Soldan currently offers its students several athletic and academic opportunities, including cross country, football, soccer, tennis, softball and volleyball. Its dropout rate is lower than the state average, and it is accredited by the North Central Association of Colleges and Schools. It has several notable alumni and former students, including politicians, authors, academics, and athletes.
By the end of the 1890s, the population of the city had increased to more than 575,000, but since 1855, the St. Louis Public Schools had operated only one high school. To meet the need for greater space for high school students, the school district built two new high schools in 1904. Three years later, the district began building a fourth high school, which would become Soldan. Known during its construction as Union Avenue High School and renamed Soldan High School upon opening, the school was named for Frank Louis Soldan, the superintendent of St. Louis schools from 1895 until his death in 1908. Land acquisition costs for the building were $10,000, and construction cost $630,000.
William B. Ittner's design for the school received praise from the United States Bureau of Education for its attention to detail and to the needs of students It was designed to stylistically complement the nearby Clark School, which was designed in Gothic Revival style, with fittings and brickwork to suggest a Tudor period Gothic structure built in approximately 1620. With a capacity of 1,600 students, the building originally occupied an area of 288 by 256 feet and had three stories. The original design of the building had 41 classrooms, with 23 designed for 48 students and 18 for 35 students. The building's 18 science demonstration rooms and laboratories accommodated physiology, physiography, chemistry, botany, and physics, and in the basement, the building was designed with shops for woodworking, machining, and domestic science. The building also had four art rooms with skylights for studio work and three mechanical drafting rooms. The auditorium was the largest in the school system up to that time, with a seating capacity of 1,750, while the music room was built with a capacity of more than 300 students. To provide for ample physical education opportunities, the school was built with two gymnasiums. The school originally had two separate cafeterias for male and female students, although the practice of gender segregation at lunch was ended in the late 1940s.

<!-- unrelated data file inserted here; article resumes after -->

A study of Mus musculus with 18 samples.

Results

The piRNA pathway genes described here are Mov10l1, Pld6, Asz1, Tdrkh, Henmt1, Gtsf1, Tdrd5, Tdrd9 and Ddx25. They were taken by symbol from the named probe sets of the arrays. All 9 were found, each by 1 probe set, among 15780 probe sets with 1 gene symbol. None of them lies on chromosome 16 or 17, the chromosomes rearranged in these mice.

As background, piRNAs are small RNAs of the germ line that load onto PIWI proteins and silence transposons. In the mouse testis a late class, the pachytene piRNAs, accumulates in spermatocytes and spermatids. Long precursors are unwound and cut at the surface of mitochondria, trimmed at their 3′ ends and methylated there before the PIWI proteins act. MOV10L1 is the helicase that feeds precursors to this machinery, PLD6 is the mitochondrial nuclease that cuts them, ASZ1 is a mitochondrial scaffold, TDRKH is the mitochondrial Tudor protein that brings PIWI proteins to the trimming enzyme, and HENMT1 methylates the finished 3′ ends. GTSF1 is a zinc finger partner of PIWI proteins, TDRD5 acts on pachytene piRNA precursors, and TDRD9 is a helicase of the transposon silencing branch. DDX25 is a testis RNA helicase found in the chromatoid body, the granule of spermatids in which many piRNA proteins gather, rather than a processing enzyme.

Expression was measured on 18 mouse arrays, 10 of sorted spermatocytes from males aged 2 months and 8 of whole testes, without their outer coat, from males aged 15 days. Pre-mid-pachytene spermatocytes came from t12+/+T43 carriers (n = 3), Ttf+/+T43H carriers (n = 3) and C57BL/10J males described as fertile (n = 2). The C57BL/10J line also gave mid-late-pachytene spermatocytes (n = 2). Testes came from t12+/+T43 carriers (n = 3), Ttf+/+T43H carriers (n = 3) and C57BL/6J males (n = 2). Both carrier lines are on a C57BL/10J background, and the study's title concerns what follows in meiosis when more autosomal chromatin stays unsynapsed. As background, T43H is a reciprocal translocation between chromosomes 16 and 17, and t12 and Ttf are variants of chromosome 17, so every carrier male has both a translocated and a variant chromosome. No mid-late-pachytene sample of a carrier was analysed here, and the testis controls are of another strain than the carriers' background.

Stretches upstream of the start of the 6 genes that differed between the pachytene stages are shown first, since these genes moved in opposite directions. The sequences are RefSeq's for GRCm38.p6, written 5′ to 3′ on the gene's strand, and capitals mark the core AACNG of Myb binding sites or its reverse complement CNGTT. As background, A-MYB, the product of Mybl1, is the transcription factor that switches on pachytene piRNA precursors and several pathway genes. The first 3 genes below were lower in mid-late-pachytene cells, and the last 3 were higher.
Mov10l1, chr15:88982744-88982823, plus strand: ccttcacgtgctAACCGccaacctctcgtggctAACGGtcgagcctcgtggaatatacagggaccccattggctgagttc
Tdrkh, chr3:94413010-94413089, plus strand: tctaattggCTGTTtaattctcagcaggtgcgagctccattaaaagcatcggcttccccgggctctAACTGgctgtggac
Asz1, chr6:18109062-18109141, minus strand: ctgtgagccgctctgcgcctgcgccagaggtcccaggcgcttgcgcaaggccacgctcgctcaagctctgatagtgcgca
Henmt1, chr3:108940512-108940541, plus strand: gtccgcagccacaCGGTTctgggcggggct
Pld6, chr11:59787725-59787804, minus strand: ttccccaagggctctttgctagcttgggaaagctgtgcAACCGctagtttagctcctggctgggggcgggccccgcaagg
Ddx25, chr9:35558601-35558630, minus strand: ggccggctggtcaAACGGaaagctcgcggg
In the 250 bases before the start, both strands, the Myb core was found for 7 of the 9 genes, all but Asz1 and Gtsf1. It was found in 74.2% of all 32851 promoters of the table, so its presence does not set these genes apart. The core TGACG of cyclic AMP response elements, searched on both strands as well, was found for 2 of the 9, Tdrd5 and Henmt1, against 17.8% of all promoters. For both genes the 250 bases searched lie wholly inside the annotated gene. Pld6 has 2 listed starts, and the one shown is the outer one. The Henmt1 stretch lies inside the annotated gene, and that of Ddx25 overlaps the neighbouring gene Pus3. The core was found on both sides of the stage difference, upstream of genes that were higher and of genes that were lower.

During the 1930s and 1940s, the school became widely known as the city's "predominantly Jewish" school, with students from several notable or wealthy families in the Central West End. Although the school remained open on Jewish holidays, it often had significantly lower attendance. During its early years, Soldan graduated several notable individuals, including William McChesney Martin, Jr., the longest-serving Chairman of the United States Federal Reserve, and Clark Clifford, a presidential adviser and United States Secretary of Defense. In 1922, Clifford and Martin were tennis doubles partners on the school's team. It also was during the 1920s that Tennessee Williams attended the school; in the 1940s, Soldan received notability as the school attended by some of the characters in Williams' The Glass Menagerie. In 1948, the school received students after the closure of nearby rival Blewett High School, which was located one block from Soldan. After the merger, the school was briefly known as Soldan-Blewett; it returned to its original name in 1955.
After the Brown v Board of Education decision in 1954, white parents and students of Soldan were among the most welcoming in the city toward integration. On the first day of integration, the school saw no protests, although national media personalities such as NBC evening news anchor John Cameron Swayze covered the event. Neither black nor white students reported significant incidents of racial tensions or problems, although black students often chose to eat in separate areas of the building from whites in the cafeteria. Despite the relatively uneventful process, Soldan experienced a rapid change in the demographics of its student population. During the 1940s, more than 90 percent of Soldan students were Jewish whites; by the early 1960s, the majority were African American. By 1965, only one white student attended Soldan, and many of the school's African American students had moved into the area from poorer neighborhoods such as Mill Creek Valley after urban renewal projects had displaced them.